Welcome to Motorsports Monday, a recap of the thrills and spills from the weekend of racing. Today we cover the Belgian Grand Prix, Grand Prix of Baltimore, AdvoCare 500 and much more for the weekend of September 1-2, 2012. If you’re thinking about Tweeting out your telemetry, don’t.
Formula One – Belgian Grand Prix at Spa Francorchamps: Jenson Button took victory on one of the most famous and technical courses on the Formula One schedule, but Turn 1 stole the show in a massive crash that affects the season championship and could ultimately change the face of F1 racing forever. Right off the start, Lotus driver Romain Grosjean dove to the inside and forced McLaren-Mercedes driver Lewis Hamilton off the road, making high-speed contact and sending them both careening down the track unable to stop. Grosjean plowed into Ferrari front-man Fernando Alonso and also collected front-row starter Kamui Kobayashi in a frightening mid-air wreck that poses the question of whether or not F1 racing is now too advanced for open cockpits that leave drivers’ heads exposed to the elements. Mandating closed cockpits would end sixty years of F1 history, but may be inevitable in this day and age. Formula One hasn’t seen a racing death since Ayrton Senna in 1994 and they won’t plan to end that streak anytime soon. Grosjean has been suspended for the race at Monza next week. Meanwhile, Alonso holds his championship lead by 24 points over second-place finisher Sebastian Vettel and Button moved into sixth place. To demonstrate the parity in F1 this season, Grosjean teammate Kimi Raikkonen finished with his third consecutive podium and sits in fourth place, despite having zero wins.
American Le Mans Series – Baltimore Sports Car Challenge: Level 5 Motorsports broke a four-year drought for the P2 class, surviving a first-corner crash (video here) and several cautions to take their twin Honda ARX-03b cars to a 1-2 overall victory at the Baltimore Sport Car Challenge. The GT Class saw a classic three-way battle as the Falken Tire No. 17 Porsche 911 GT3 survived challenges from both Corvette and Ferrari to take their first win of the season. The on-track action packed the tight streets of Baltimore, but all talk today is about a merger between ALMS and the Grand-Am Series that could drastically alter American sports car racing. We’ll keep you posted as details of the merger are expected to be released later this week.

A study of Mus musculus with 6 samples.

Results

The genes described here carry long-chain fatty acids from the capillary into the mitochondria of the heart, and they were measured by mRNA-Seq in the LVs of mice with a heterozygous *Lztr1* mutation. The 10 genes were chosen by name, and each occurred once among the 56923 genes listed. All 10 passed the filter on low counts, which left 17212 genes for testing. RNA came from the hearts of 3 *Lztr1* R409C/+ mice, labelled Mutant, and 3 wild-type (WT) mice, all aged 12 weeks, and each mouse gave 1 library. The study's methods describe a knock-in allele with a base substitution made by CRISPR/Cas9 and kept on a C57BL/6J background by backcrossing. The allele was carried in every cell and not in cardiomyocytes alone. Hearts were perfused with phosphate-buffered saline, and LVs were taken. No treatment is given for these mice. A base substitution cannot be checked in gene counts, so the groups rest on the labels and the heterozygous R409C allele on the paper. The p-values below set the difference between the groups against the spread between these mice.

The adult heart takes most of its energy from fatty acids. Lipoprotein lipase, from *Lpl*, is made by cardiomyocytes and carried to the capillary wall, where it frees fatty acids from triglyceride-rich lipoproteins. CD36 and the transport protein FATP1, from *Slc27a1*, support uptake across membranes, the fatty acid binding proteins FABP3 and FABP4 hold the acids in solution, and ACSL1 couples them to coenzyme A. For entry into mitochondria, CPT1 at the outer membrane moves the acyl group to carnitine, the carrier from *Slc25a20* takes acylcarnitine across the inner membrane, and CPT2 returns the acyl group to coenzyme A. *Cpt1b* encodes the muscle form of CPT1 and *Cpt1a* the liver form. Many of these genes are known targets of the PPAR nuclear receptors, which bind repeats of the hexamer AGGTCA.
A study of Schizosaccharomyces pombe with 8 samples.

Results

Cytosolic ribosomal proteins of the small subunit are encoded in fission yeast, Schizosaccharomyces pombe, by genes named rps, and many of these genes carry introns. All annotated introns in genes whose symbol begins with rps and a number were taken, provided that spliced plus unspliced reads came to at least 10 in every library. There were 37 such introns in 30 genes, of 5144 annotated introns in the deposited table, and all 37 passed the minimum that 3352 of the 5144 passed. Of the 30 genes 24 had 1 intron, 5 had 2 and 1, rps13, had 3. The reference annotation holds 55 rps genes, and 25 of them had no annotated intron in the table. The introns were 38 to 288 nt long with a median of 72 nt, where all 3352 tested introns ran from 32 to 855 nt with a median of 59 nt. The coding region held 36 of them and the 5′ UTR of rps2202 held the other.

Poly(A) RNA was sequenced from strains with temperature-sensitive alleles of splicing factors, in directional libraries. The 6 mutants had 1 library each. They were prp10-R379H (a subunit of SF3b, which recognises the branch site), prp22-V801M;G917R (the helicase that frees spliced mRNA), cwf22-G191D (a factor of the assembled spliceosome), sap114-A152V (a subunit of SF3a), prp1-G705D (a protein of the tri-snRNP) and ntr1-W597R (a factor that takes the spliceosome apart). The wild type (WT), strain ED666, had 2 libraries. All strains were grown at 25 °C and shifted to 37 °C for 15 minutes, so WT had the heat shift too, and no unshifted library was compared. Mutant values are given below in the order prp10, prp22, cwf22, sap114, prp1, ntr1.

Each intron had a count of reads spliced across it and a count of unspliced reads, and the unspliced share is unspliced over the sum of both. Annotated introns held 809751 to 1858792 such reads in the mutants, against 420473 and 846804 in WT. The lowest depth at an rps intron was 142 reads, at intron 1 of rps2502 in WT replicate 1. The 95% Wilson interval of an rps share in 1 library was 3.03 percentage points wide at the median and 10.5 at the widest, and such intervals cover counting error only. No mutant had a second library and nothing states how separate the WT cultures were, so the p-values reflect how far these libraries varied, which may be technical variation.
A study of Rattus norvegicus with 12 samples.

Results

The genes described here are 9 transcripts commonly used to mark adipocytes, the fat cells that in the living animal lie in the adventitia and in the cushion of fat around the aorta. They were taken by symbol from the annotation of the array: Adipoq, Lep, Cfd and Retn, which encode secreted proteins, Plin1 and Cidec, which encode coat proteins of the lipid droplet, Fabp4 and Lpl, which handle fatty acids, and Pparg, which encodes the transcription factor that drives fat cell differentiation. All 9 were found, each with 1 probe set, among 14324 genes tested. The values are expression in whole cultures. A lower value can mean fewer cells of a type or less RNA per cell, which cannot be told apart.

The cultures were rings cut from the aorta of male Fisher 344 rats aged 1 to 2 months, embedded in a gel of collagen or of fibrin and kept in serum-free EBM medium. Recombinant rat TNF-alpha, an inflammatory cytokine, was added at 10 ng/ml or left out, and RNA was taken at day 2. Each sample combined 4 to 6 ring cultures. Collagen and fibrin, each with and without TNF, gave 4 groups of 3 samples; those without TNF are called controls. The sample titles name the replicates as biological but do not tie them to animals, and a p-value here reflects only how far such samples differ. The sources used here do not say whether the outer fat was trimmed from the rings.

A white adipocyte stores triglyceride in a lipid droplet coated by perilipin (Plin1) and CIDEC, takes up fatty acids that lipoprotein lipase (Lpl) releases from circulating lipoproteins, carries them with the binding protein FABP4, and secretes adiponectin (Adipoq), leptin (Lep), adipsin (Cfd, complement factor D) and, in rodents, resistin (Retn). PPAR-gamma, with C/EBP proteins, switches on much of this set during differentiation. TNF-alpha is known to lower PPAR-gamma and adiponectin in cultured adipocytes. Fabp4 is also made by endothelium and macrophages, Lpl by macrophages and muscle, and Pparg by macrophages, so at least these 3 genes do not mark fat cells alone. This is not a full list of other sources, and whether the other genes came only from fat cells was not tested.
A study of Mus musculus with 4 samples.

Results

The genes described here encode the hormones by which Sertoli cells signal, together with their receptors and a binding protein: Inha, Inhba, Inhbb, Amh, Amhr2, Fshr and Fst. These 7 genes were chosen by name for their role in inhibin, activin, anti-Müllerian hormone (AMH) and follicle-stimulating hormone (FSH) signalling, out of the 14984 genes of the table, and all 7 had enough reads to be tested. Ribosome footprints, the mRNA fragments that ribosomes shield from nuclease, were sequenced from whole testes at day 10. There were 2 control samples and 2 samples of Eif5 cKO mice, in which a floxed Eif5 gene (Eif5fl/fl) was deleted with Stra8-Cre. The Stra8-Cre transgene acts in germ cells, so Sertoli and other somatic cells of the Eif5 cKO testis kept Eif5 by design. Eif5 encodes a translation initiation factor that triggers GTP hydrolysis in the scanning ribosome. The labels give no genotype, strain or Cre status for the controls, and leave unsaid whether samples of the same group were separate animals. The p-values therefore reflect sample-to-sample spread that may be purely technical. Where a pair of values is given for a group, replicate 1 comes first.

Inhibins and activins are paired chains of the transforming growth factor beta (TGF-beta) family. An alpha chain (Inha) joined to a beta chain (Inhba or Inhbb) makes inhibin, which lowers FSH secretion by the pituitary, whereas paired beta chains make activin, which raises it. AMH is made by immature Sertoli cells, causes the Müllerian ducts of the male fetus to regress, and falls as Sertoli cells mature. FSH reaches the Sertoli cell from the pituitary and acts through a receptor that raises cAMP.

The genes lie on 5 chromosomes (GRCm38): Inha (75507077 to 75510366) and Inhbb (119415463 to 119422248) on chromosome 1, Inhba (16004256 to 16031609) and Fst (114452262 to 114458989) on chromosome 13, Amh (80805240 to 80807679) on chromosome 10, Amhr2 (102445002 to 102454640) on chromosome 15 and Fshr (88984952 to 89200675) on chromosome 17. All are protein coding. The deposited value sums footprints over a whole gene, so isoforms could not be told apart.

IndyCar – Baltimore Grand Prix: After a disappointing DNF last week that all but eliminated him from the running, Ryan Hunter-Reay launched himself back into the title hunt with a victory at the Grand Prix of Baltimore. Point leader Will Power still holds a 17-point lead, but the two drivers (both Chevrolet drivers) will face-off in the season finale at Fontana to determine the championship. Power started on pole and consistently looked fastest, but Hunter-Reay found himself leading under caution and then led a perfect restart (Power is none too pleased - video here - by the way) to bring the race home. It capped a hectic 75 laps on the bumpy street circuit that included an impromptu tire-chicane on the back straight after Graham Rahal went flying in qualifying, but all ended well with eight disqualifications but no injuries. The season finale will be held as the MAVTV 500 INDYCAR World Championships at Fontana on September 15, where Simon Pagenaud will be named Rookie of the Year and the Power/Hunter-Reay rivalry will finally come to a head.
NASCAR Sprint Cup – AdvoCare 500 at Atlanta Motor Speedway: Denny Hamlin became the first four-race winner of the 2012 season and wrapped up his No. 1 seed for this year’s Chase by bringing his Toyota out of pit lane first and across the checkered flag in Atlanta. Martin Truex Jr. led the field when the caution flag came out, but couldn’t hold on under a green-white checker and Hamlin seized the day. Jeff Gordon finished second and Brad Keselowski brought his Dodge to third.
NASCAR Nationwide Series – NRA American Warrior 300: Ricky Stenhouse Jr. spoiled a great race for Kevin Harvick, passing the 157-lap leader on the final go-round to capture his fourth victory of the season. Stenhouse Jr. celebrated by sending his Ford into a smoke-filled burnout to the delight of fans. Nationwide didn’t do itself any favors, though, calling a questionable caution with twelve laps to go that bunched up the field and probably cost Harvick the race. Harvick complained that Brad Keselowski purposefully threw a water bottle onto the track to induce the caution, but officials say that didn’t cause the flag. Umm… then what did? High-octane racing is great, but not at the expense of fairness. Elliott Sadler still leads the championship standings, 12 points head of Stenhouse Jr.